More than one in five women who have postpartum depression also suffer from bipolar disorder, and many also experience anxiety disorders and have thoughts of harming themselves, according to a new study described as the largest scale screening for depression among new mothers in the United States.
The study, published online by The Journal of the American Medical Association's JAMA Psychiatry, screened 10,000 new mothers and conducted in-home visits with more than 800 who were found to be at risk, providing researchers with a greater understanding of the onset and complications associated with postpartum depression.
While it confirmed that depression most commonly arises between four to six weeks after the birth of a child, it found that 33 per cent of cases occurred during pregnancy and nearly 27 per cent of patients experienced depression before conception.
"Because a majority of the mothers had symptoms before delivery …, we really might need to consider depression screening early on," said psychiatrist Dorothy Sit of the University of Pittsburgh School of Medicine, one of the co-authors of the study. "We may be waiting until [it] could be too late for some of these mothers."
The study's findings largely support what was previously known about postpartum depression. The condition is believed to affect between 10 and 20 per cent of new mothers, and can last up to a year after the birth of a child. (Nearly 14 per cent of mothers involved in the study screened positive for depression.)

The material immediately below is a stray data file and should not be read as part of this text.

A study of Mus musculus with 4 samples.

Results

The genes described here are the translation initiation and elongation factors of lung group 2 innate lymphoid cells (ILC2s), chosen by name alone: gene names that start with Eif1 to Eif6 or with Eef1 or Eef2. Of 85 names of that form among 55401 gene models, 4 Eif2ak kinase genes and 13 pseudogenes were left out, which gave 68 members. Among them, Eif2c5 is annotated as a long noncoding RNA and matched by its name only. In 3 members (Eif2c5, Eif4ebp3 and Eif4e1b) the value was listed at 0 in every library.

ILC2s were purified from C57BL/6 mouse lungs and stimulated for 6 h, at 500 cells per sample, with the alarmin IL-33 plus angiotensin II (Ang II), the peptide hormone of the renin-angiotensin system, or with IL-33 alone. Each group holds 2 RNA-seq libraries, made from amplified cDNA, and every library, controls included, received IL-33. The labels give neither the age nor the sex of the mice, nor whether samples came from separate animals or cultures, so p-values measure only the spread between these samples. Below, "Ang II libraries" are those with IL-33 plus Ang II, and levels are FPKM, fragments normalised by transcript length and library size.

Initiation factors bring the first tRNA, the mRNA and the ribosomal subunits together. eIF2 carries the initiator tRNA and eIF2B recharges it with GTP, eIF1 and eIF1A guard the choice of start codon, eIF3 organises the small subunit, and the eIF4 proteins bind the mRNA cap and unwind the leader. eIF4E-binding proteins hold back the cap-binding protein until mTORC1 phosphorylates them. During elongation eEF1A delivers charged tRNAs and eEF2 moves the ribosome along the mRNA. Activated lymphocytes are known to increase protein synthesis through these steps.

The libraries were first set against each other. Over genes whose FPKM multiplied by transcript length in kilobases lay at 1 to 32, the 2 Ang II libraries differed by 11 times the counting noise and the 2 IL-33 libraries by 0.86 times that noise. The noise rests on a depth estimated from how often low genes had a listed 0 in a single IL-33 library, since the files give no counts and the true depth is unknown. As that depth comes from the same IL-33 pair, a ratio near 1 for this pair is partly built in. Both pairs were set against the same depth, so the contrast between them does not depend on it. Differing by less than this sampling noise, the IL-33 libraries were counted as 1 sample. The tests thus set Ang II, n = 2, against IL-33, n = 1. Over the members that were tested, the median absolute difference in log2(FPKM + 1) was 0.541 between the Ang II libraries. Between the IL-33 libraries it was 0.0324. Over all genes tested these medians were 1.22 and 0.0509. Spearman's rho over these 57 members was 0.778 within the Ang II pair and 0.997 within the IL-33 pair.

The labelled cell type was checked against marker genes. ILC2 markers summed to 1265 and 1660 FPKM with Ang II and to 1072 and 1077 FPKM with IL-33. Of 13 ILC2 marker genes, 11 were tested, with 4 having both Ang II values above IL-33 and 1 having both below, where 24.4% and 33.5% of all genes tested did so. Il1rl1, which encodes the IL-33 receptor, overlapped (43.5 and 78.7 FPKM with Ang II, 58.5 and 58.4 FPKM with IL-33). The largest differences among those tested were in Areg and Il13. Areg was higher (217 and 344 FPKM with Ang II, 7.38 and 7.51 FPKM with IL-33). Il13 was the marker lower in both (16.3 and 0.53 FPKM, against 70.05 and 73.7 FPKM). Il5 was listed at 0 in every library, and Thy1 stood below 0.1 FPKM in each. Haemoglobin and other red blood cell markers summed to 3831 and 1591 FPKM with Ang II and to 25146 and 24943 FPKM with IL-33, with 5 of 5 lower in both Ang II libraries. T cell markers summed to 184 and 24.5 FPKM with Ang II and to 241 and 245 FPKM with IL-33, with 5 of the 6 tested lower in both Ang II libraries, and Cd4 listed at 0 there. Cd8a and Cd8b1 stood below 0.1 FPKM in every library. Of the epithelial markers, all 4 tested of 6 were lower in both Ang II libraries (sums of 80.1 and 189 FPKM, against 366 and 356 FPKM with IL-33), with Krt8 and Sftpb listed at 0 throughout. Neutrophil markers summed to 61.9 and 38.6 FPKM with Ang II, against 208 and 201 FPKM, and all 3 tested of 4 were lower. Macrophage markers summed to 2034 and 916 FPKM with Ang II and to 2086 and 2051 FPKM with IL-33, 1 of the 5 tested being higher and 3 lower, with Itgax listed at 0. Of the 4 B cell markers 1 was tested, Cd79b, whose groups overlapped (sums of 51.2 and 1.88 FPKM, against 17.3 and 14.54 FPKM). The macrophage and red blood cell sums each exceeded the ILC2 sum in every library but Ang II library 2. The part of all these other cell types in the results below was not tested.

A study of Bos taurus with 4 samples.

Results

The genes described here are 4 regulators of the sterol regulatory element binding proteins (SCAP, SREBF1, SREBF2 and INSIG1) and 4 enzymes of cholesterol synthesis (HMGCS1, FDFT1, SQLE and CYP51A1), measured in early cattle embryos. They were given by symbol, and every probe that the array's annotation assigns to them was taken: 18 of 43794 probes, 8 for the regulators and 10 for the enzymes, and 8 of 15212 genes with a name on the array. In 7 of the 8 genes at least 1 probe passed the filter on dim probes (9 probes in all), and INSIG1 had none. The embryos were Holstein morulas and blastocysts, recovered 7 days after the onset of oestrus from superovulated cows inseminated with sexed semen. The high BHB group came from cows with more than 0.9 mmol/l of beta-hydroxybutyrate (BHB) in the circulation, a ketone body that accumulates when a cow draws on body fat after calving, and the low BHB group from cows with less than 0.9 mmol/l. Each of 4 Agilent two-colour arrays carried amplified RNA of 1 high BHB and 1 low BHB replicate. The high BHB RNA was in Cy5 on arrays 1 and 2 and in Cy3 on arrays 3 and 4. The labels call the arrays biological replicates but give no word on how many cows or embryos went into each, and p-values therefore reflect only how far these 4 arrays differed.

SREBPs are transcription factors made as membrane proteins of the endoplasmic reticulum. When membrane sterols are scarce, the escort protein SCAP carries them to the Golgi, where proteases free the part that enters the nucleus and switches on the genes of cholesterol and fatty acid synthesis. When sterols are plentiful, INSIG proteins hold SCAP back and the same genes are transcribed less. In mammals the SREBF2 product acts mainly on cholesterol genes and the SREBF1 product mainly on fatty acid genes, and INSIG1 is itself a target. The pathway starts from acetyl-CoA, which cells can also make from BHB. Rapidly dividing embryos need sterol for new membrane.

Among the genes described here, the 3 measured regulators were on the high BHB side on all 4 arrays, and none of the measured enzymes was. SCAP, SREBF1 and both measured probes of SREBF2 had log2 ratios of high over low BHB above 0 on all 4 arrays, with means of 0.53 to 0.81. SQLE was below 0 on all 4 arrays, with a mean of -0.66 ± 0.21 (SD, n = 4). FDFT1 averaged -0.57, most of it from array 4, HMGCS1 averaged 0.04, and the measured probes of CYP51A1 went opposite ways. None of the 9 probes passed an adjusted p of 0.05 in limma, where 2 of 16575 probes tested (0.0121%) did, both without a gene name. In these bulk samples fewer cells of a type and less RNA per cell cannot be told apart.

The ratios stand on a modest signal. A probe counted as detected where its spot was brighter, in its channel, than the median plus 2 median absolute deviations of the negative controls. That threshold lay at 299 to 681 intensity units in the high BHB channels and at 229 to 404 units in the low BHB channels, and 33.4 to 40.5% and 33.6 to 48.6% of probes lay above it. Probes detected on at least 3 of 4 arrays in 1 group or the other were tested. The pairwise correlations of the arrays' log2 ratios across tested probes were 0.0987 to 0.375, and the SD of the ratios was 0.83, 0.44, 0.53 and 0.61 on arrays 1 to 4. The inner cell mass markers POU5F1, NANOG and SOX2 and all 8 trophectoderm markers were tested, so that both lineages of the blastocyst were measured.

According to the Canadian Mental Health Association, references to postpartum depression date as far back as the 4th century BC, but since it has not always been recognized as an illness, it is often underdiagnosed.
The definitive causes for the condition have yet to be confirmed, but researchers are investigating its links to biological factors, such as the major dip in hormone levels experienced after delivery, genetics, sleep deprivation and stress on circadian rhythms, and psycho-social risks, including lack of support.
Sit noted that her study's findings suggest postpartum depression is a complicated form of depression; physicians and patients need to be mindful of addressing possible additional diagnoses, including bipolar disorder, obsessive compulsive disorder, social phobia and generalized anxiety. In some cases, these other disorders may be underlying conditions that are not identified until after the patients give birth.
Despite its prevalence, however, it can be difficult for new mothers to recognize they have depression, in part, because of the chaos involved in caring for a newborn and dealing with the transition to parenthood.
"Some mothers and family members could write it off as being part of the normal experience," Sit said, but she noted that besides extreme fatigue and an inability to focus or concentrate, common signs of postpartum depression include not being able to enjoy the things one used to enjoy, not getting pleasure out of spending time with one's family and the newborn, sleeping excessively, not eating, and feeling anxious about things that never previously caused worry.
"This is not a normal part of the postpartum," Sit emphasized. "Those symptoms truly indicate it's a major depression."
Sit noted that it is important to treat depression as early as possible, especially as the study found that nearly 20 per cent of new mothers who suffer from it have thoughts of hurting themselves.
Treatment must also be tailored to address other possible disorders, since medications prescribed for depression can make patients with bipolar disorder worse. Antidepressants, for instance, can result in mania, rapid cycling, loss of sleep, agitation and irritability among those with bipolar disorder, who instead would benefit from mood-stabilizing drugs.
Patients with anxiety may also have a better chance of improving with a combination of medication and psychotherapy.